Trigger Warning – Depression and Suicide
Before I start, I suppose I should apologize for the delay in blogging over the last few weeks. It has been a tremendously difficult month and for those of you who follow me on Twitter/ Facebook you will know that I have been admitted to a Psychiatric Unit and sectioned.
Depression has stuck its sinking claws into me for the last months, but there are also certain ‘obsessional ideas’ (medical opinion words) that are ruling my life at the moment. I won’t go into too much detail about those on here – what I will say however, is that I believe clusters (hundreds) of translucent spiders are running through my blood and head – collecting data (that’s in turn being encrypted and sent away to specialised data centres) about how we go about problem solving. I suppose the situation is quite ironic really. If I could well and truly problem solve effectively – would I be in and even sectioned?
I came into hospital in the early hours of 13 of March and explained to doctors about the spiders in my blood and in turn was admitted and sectioned. I have not been able to write in detail about a thing and I generally find it difficult to concentrate, but thought it a challenge to update my blog and let you guys know what’s happening.
I am taking meds as prescribed and am conforming in ever way I can to my care plan, but being in hospital has its challenges. I have not really had much detail / sense regarding diagnosis yet but Borderline Personality Disorder and Depression keep coming up in meetings. Since 2013, this is can easily be described as the lowest of all my episodes. One of the cruelest things about depression is the fact that it can eat your soul, the very thing that at best makes life worth living. Hours can feel like days on the ward and days like weeks. At my lowest I really do wonder why I try and push through it all? My soul, after all, seems like a corpse-like hostage to a cruel heartbeat that stubbornly refuses to stop beating. I get-up each day, hoping that it will be better than yesterday. It hasn’t been over the last couple of months. Nights seem too long but yet too short. My answers to medical staff and doctors who challenge ideas I have about ending my life – I’d rather be a cherished / valuable memory than a living liability that not only causes pain to myself but to others I love.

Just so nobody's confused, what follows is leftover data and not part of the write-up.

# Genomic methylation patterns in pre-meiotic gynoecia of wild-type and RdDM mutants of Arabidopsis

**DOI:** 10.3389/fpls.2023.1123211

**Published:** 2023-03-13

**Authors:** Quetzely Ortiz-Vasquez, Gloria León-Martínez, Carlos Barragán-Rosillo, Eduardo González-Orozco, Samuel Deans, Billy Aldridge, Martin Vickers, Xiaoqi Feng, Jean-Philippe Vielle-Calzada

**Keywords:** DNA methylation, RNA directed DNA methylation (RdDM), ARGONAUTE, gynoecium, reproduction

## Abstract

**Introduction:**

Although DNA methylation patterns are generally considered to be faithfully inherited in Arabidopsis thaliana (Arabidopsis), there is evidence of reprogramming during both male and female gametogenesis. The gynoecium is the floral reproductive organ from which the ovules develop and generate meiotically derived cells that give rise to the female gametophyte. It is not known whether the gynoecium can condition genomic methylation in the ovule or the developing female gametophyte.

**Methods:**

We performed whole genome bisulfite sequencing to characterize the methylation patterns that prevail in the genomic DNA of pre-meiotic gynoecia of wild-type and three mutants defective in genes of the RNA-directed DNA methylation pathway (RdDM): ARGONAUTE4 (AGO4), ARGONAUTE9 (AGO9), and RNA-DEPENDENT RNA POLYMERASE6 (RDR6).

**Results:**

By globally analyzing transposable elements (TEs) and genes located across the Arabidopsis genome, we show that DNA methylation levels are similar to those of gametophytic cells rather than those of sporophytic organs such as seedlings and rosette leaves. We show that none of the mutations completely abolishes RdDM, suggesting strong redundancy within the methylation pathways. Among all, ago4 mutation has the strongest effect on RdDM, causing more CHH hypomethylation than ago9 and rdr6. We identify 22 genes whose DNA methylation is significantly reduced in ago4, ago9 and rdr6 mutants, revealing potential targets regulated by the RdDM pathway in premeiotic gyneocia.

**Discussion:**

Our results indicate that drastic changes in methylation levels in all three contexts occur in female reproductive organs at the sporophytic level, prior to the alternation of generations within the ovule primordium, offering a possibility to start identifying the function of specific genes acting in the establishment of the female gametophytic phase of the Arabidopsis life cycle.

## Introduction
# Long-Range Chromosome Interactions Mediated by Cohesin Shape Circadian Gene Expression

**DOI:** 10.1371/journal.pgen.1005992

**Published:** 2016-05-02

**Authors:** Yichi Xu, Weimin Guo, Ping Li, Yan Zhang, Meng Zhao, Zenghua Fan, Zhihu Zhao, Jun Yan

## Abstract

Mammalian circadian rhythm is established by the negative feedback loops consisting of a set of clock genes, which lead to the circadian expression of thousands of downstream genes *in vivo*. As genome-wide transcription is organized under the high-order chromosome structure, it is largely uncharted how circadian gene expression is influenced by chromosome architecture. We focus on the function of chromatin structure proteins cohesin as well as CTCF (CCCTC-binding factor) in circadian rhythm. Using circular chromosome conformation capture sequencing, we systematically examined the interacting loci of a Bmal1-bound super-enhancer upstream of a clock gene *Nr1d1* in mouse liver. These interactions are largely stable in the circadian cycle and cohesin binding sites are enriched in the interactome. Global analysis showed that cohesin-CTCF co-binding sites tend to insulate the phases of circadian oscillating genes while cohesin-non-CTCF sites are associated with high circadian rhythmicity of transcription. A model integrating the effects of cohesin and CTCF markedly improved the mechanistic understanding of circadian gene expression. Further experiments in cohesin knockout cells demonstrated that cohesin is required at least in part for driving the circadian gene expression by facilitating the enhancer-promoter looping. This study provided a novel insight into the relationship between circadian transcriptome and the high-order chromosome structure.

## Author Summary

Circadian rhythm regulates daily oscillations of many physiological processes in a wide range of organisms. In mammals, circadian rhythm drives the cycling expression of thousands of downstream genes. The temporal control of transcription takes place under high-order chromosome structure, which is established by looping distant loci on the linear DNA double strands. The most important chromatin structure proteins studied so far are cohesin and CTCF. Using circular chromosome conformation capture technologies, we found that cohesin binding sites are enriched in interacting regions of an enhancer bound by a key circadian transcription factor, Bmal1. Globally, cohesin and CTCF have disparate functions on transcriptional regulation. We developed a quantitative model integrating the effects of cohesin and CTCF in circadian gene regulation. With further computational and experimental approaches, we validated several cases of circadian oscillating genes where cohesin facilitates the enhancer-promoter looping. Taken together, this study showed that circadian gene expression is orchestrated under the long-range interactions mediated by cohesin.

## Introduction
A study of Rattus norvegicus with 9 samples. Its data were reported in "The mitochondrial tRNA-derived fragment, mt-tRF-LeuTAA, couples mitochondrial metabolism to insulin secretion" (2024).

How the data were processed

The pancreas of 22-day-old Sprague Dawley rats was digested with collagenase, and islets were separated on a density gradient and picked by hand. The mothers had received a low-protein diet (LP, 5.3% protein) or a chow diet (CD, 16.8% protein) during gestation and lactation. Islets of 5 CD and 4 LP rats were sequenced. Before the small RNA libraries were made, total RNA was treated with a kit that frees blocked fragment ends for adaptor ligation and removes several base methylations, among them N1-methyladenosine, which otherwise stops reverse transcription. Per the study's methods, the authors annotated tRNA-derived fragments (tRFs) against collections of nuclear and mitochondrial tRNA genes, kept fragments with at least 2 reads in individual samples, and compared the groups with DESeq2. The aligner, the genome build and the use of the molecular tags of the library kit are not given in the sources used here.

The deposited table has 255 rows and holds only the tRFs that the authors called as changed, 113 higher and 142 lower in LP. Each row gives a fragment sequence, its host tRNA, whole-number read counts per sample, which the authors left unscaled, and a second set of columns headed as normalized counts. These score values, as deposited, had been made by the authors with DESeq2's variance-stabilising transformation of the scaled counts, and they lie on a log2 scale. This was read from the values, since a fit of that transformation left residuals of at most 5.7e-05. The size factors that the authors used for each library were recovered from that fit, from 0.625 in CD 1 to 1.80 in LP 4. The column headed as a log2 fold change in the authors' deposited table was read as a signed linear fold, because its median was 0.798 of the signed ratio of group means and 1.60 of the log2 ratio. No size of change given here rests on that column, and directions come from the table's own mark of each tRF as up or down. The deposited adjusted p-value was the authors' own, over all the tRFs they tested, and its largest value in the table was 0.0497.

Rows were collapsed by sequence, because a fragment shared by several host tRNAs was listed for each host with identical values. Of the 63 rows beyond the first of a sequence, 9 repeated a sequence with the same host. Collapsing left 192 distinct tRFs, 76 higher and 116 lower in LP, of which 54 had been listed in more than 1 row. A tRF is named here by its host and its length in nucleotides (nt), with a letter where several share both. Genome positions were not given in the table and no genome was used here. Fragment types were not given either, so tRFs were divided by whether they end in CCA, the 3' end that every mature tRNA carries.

On better days, I think about my gorgeous family (my Dad, beautiful triplet sisters) my sheep dog Wini Lwyd and my amazing mother that I lost at the age of 17 – without mentioning all my kind friends. I think how beautiful they all are and how I hate dragging them all through this hellish, unrelenting tempest, that is mental illness. An illness that has achieved its sick intent in crushing my life four times, since I was first hospitalized in 2013. Each time I end up in hospital, it becomes harder to fully recover, harder to get-up and go back into the community and harder to hold my head up high. Each time I come back from hospital – a part of me has changed forever, just gone it seems. A part I sometimes grieve about – whilst trying to build myself up once again. Only time will tell how my soul gets through this one, what damage will be done and how recognizable I’ll be at the end of it all. What I have / if I have at all to offer the world?
The one thing that has touched me throughout the last 5 years is how powerful support can be on a human level. I wouldn’t be still here if it weren’t for friends and their kindness and generosity. The effect one human can have on another through merely offering support and reaching out is extraordinary. Friends and family can harbour individuals that are in the most vulnerable of places. Some visitors are scared to speak when they come, that’s OK. Others do little but speak about current affairs, world news and the price of pears! Others bring pastry and talk about the weather and global warming. Some send Facebook messages, some Twitter messages and others cards and packages. It’s all OK. In a matter of fact, it’s all much better than OK. This is all compassion at its best. A smile or glance can make a difference, as can the gentlest of touches. When I break it all down, even when I’m in the weakest of places, I’ve come to believe that much of it all comes down to humanity with mental health. Humanity, compassion and support towards each other. These in my mind are equally as essential and significant in recovery as is a box of pills.